Celebrity chef Mario Batali, whose career crumbled amid several sexual misconduct accusations, pleaded not guilty Friday to a charge that he forcibly kissed and groped a woman at a Boston restaurant in 2017.
Batali, 58, wearing his signature red ponytail and a blazer, did not speak during the brief hearing but nodded as the judge ordered him to stay away from the woman.
The court entered a not guilty plea on his behalf to a charge of indecent assault and battery. Batali was released on his own recognizance. He will not have to appear at the next hearing, scheduled for July 12.
It’s the first criminal charge levied against Batali following sexual harassment and assault allegations that first surfaced in 2017.
The woman says Batali noticed her taking a photo of him at the restaurant and invited her to take a selfie with him. She says Batali then groped and kissed her repeatedly without her consent.
The woman filed a civil lawsuit against Batali in August, seeking unspecified damages for “severe emotional distress.”
Batali’s lawyer has said the charge is “without merit.”
“He intends to fight the allegations vigorously and we expect the outcome to fully vindicate Mr. Batali,” attorney Anthony Fuller said in an emailed statement on Wednesday.
The woman’s attorneys applauded the Suffolk District Attorney’s Office for bringing the case.
“Mr. Batali must be held accountable criminally and civilly for his despicable acts,” lawyers Eric Baum and Matthew Fogelman said in an email to media.
Batali could face up to 2½ years in jail, if convicted. He would also have to register as a sex offender.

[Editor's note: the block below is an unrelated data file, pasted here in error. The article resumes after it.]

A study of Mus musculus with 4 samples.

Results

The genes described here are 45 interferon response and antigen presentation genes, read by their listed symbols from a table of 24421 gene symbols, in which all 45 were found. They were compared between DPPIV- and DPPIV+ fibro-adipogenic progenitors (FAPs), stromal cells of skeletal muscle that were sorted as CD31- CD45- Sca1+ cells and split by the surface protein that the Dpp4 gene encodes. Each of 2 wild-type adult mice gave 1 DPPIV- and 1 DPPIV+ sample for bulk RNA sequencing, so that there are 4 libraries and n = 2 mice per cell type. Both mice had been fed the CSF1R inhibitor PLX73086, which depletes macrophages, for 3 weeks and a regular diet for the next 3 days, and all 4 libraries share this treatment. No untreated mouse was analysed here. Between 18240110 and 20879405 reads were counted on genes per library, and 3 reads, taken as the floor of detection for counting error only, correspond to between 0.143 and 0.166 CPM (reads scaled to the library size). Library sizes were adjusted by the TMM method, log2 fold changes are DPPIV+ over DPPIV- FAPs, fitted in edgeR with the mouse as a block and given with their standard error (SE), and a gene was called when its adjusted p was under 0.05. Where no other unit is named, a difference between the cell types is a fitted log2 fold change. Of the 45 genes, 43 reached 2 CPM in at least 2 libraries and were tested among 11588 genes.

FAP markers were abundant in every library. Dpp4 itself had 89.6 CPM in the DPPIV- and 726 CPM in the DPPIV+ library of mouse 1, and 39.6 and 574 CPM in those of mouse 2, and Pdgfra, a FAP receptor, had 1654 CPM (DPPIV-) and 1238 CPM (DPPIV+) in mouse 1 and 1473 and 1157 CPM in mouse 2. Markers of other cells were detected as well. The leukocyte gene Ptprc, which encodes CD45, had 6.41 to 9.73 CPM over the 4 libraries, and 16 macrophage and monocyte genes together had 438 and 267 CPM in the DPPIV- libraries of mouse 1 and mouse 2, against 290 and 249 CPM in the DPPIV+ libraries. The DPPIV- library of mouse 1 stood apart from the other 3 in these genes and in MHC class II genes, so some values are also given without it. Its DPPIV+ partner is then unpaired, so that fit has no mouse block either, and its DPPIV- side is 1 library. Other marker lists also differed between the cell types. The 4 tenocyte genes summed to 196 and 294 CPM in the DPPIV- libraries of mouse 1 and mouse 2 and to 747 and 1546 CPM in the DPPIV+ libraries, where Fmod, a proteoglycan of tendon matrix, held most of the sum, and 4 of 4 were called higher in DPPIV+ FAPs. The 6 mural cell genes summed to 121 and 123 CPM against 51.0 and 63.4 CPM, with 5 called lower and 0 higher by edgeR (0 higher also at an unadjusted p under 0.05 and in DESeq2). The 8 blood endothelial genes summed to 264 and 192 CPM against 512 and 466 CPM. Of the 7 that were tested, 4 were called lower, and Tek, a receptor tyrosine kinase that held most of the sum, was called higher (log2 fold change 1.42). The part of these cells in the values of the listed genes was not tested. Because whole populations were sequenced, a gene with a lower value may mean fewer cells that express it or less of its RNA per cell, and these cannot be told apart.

Batali’s food empire included such high-end eateries as Babbo in Del Posto in New York City as well as restaurants in Las Vegas, Los Angeles and Singapore. He became a household name through appearances Food Network such as “Iron Chef America.”
He stepped down from operations of his restaurants and was kicked off the ABC show “The Chew” in 2017 after four women accused him of inappropriate touching.
Batali said at the time about those allegations that “much of the behavior described does, in fact, match up with ways I have acted.” He also came under fire for sending a newsletter to subscribers that included both an apology for “many mistakes” and a recipe for a “holiday-inspired breakfast.”
Batali announced in March that his longtime partner, Joe Bastianich, and others had bought out his share in his restaurants.
The New York Police Department said last year that it was investigating allegations of sexual misconduct against the chef after a woman told “60 Minutes” that Batali drugged and sexually assaulted her in 2005. Batali denied assaulting the woman.